First published on December 15, 2017
The Rock is advising Central Queenslanders be on guard if they receive a call from a stranger claiming there is a problem with their computer or internet connection.
The bank urges those who receive such calls to exercise caution and independently contact the organisation to verify the legitimacy of the call.
The Rock has observed a recent spike in the number of people who have reported scam calls claiming to be from Telstra or Microsoft technical support.
The phone scammers are contacting people at home claiming they are at risk of having their internet connection disconnected unless they cooperate and allow the caller to remotely access their computer to rectify the issue.
The caller may request payment of a fee via credit card and direct the person to download software that will allow the caller remote access to their computer. They may use the remote computer access to obtain personal information and commit other acts of fraud.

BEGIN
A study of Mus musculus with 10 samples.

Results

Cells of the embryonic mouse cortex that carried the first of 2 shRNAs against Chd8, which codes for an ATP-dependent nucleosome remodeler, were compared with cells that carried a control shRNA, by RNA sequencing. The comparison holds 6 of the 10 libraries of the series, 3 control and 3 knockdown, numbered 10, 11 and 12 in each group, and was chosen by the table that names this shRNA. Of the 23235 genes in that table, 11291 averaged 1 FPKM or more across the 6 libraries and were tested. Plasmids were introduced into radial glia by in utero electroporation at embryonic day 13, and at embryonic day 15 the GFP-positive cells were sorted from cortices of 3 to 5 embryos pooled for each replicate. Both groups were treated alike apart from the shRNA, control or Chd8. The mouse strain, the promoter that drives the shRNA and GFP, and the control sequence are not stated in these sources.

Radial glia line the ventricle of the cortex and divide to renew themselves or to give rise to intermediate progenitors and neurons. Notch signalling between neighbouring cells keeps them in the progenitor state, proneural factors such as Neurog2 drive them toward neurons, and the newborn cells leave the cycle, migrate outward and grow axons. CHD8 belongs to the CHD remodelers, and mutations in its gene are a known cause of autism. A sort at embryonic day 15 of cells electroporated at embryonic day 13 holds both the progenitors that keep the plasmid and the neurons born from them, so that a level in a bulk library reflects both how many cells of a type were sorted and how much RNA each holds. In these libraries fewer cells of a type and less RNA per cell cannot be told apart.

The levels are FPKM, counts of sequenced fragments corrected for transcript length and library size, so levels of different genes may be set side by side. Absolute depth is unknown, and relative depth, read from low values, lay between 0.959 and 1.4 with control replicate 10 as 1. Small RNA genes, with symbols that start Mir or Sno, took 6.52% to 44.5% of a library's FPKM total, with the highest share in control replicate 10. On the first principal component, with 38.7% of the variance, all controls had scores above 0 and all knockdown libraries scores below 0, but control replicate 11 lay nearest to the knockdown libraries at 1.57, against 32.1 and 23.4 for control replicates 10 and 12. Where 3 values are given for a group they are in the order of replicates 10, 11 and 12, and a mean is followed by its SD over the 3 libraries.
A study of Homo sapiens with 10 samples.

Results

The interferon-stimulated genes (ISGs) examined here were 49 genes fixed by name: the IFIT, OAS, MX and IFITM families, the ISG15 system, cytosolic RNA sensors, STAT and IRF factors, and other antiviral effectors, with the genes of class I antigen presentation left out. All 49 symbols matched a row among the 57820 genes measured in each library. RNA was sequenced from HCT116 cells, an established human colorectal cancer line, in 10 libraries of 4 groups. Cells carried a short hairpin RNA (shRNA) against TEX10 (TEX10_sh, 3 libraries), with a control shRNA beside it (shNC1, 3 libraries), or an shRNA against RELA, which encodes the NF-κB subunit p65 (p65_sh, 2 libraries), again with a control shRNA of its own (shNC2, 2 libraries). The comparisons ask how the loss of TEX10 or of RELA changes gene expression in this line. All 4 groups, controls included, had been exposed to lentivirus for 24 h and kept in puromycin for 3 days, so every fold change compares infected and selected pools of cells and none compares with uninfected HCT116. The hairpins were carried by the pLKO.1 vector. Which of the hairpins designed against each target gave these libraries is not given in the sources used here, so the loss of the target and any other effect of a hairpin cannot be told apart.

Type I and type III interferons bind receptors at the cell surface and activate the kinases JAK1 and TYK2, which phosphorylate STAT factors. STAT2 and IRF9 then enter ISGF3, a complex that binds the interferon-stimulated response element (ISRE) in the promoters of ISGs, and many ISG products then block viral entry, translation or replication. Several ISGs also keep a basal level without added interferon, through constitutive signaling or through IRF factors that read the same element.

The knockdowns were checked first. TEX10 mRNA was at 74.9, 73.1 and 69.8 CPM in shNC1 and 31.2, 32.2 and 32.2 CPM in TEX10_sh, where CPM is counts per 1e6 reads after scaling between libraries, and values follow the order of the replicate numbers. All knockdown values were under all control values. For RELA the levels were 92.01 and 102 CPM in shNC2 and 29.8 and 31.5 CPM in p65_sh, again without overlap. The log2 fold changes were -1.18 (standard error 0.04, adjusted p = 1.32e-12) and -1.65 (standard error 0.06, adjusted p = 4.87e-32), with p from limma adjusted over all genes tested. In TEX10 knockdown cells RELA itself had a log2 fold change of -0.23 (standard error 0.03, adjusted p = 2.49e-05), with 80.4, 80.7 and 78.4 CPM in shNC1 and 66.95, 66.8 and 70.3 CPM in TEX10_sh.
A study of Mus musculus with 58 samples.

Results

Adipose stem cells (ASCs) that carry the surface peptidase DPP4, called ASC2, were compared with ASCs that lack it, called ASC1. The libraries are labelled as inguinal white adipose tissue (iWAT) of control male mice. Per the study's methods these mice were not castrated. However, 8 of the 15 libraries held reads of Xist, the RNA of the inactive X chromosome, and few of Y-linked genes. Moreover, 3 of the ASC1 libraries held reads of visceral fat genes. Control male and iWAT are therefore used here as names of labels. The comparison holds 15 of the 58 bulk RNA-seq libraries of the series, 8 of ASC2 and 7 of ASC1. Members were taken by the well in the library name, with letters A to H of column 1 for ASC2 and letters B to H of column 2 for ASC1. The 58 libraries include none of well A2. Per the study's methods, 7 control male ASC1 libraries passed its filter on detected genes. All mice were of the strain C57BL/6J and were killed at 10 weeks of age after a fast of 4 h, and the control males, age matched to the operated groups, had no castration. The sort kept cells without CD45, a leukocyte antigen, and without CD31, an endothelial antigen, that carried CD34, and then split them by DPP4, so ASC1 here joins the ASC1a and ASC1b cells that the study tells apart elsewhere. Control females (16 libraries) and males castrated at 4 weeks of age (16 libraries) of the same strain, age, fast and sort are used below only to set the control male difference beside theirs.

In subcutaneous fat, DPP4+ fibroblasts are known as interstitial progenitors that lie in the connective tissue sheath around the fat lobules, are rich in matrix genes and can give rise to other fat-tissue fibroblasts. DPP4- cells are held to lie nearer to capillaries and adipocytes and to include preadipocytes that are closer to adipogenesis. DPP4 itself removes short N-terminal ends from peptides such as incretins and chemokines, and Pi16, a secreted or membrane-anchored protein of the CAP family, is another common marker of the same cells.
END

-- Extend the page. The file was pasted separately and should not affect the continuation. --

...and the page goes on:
The Rock’s Regional Executive Manager, Peter Fraser, urged the public to be on guard if they received such calls. “Technology has revolutionised banking, but it has also provided criminals with new ways to commit crimes. The Rock commit significant resources to ensure our customer data and funds are safe and secure, including 24 hour, seven day a week monitoring of card transactions and are constantly evolving and refining technology to keep up-to-date with potential fraud.
“Never provide your personal, online account, or credit card details to anyone over the phone unless you made the call to a service provider and never give a stranger remote access to your computer, even if they claim to be from a reputable business. If you’re unsure, simply hang up and call the organisation back on their published phone number.
“If you think you may have provided your details to a scammer, or are unsure if you’ve been targeted – we encourage you to contact your bank immediately”. Mr Fraser said.